Family of London man shot dead by police demand homicide inquiry – The Guardian

No gun linked to Chris Kaba found at scene of his death as family say watchdog investigation being mishandled
The family of a man shot dead by police have called for a homicide investigation as it was revealed that a search of the scene had found no gun linked to the 24-year-old.
The family of Chris Kaba called for “answers and accountability” from the Independent Office for Police Conduct (IOPC), which is investigating the shooting on Monday night in Streatham, south London, amid claims that the watchdog’s investigation is being mishandled.
Kaba was driving a car which was first rammed before being boxed in by police. He was killed by a single shot that entered through the driver’s side of the windscreen of the Audi.
The IOPC said the car Kaba was in had triggered an intelligence system indicating it was linked to a firearms incident days earlier, which led police to chase and then force the vehicle to stop.
A detailed search has been completed and “no non-police issue firearm has been recovered from the vehicle or the scene”, the IOPC said on Wednesday night.
The Guardian understands that the Met is monitoring community tensions in the area, and that IOPC investigators do not believe there is any indication of wrongdoing by the officers involved – who are being treated as witnesses.
In its statement, the IOPC gave new details about the lead-up to the shooting: “Police officers in an armed response vehicle attempted to stop the vehicle Mr Kaba was in, after the activation of an automatic number plate recognition camera which indicated the vehicle was linked to a firearms incident in the previous days.”
In a statement, Kaba’s family demanded that officers should be placed under criminal investigation by the IOPC: “The family of Chris Kaba seek a homicide investigation into his death from the outset.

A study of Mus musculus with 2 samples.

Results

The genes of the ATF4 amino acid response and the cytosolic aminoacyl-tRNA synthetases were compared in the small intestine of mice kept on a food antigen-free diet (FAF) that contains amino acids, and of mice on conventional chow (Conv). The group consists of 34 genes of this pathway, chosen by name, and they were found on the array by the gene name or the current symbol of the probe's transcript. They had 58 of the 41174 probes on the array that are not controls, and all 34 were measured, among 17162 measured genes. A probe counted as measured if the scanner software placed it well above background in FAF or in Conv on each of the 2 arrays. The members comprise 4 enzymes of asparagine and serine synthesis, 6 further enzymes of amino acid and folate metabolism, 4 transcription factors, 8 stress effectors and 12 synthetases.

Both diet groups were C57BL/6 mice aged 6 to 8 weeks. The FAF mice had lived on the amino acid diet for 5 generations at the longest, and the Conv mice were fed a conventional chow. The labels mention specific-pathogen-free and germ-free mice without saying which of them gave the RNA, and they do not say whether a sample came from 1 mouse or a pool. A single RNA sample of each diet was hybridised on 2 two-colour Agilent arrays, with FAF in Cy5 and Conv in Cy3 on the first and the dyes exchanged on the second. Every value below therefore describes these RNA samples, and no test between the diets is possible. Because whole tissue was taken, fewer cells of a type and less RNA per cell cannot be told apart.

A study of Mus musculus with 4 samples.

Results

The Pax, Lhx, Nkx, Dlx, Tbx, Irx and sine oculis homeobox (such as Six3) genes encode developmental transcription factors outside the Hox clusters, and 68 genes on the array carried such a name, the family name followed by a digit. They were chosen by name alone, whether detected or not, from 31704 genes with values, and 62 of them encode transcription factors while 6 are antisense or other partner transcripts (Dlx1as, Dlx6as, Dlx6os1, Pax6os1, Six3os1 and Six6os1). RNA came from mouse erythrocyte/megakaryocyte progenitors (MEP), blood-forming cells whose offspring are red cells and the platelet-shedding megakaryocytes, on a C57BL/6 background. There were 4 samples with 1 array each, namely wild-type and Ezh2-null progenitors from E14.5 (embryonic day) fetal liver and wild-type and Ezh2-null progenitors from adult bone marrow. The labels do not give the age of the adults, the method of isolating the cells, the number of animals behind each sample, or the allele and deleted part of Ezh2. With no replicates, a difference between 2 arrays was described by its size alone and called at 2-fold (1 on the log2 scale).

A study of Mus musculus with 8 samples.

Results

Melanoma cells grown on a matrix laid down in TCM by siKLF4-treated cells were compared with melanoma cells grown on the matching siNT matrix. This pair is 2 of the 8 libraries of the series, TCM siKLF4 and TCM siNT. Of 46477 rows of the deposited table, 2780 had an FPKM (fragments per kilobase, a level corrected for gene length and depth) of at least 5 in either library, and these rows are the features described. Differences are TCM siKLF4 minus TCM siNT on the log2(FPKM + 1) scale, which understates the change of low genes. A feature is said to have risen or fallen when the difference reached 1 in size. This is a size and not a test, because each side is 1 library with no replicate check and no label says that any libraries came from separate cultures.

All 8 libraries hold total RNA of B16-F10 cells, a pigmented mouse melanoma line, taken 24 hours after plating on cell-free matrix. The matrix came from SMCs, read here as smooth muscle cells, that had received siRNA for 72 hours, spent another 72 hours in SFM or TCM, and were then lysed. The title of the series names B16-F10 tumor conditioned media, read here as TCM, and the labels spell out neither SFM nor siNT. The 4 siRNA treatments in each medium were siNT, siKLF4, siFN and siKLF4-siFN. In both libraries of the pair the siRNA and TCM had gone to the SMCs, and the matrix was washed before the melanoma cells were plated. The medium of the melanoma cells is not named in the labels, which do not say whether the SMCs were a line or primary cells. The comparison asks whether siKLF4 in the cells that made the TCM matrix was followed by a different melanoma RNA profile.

“We have today told the IOPC of that demand and that we do not want any delay as has happened in other fatal shootings – otherwise we and the wider public can have no confidence that the police will be held to account.
We are devastated; we need answers and we need accountability. We are worried that if Chris had not been Black, he would have been arrested on Monday evening and not had his life cut short.”
Deborah Coles, the executive director of Inquest, said a criminal inquiry was needed: “It is essential that fatal use of force by police is examined with this high level of scrutiny.”
Police officers need to have a reasonable and honest belief that their or others’ lives are in danger before they open fire. The force they use must be proportionate, and they do not need to be right about the threat they perceive.
The IOPC is investigating who the car belonged to and what officers knew about its ownership and possible occupant at the time. Kaba’s family, and the officers involved, face a wait for the results of the investigation and then an inquest into the death.
The shooting happened in an area of London where trust in the Met has plummeted, and there was anger and concern at the shooting on Wednesday, as well as sadness at Kaba’s death.
“While we have already undertaken some door-to-door inquiries in the neighbourhood, there is likely to be members of the public we are yet to speak to which may have information that could assist our investigation.”
On Wednesday, family and friends paid tribute to the “kind” and “happy” 24-year-old. Kim Alleyne, 49, whose daughter Karimah Waite was engaged to Kaba, said: “He was so loved. He was so funny. He was super-kind. Crazy. He was always happy. He would do anything for you.”
She added: “He was a fiance, he was due to get married in five months’ time. He’s got a baby on the way that he’s never going to see. It’s horrible and so shocking and so sad.”
Jefferson Bosela, 27, Kaba’s cousin, said: “He was a good person, a good, happy guy. He didn’t deserve that. No one deserves that. Nobody deserves to be shot by the police, whether they are a good person or a bad person.”
Once the IOPC starts an investigation, the force being investigated is limited in what it can say.
The Met’s commander, Alexis Boon, expressed sympathy to Kaba’s family for thedevastating and lasting impact this tragic incident will have on them”. He added: “I understand that this incident is extremely concerning and I would like to reassure the community that the Met is cooperating fully with the Independent Office for Police Conduct.
“I also recognise that the family and community want answers about what happened. I know the IOPC investigators are working hard to establish the facts, but also need some time and space to be able to progress their inquiries.”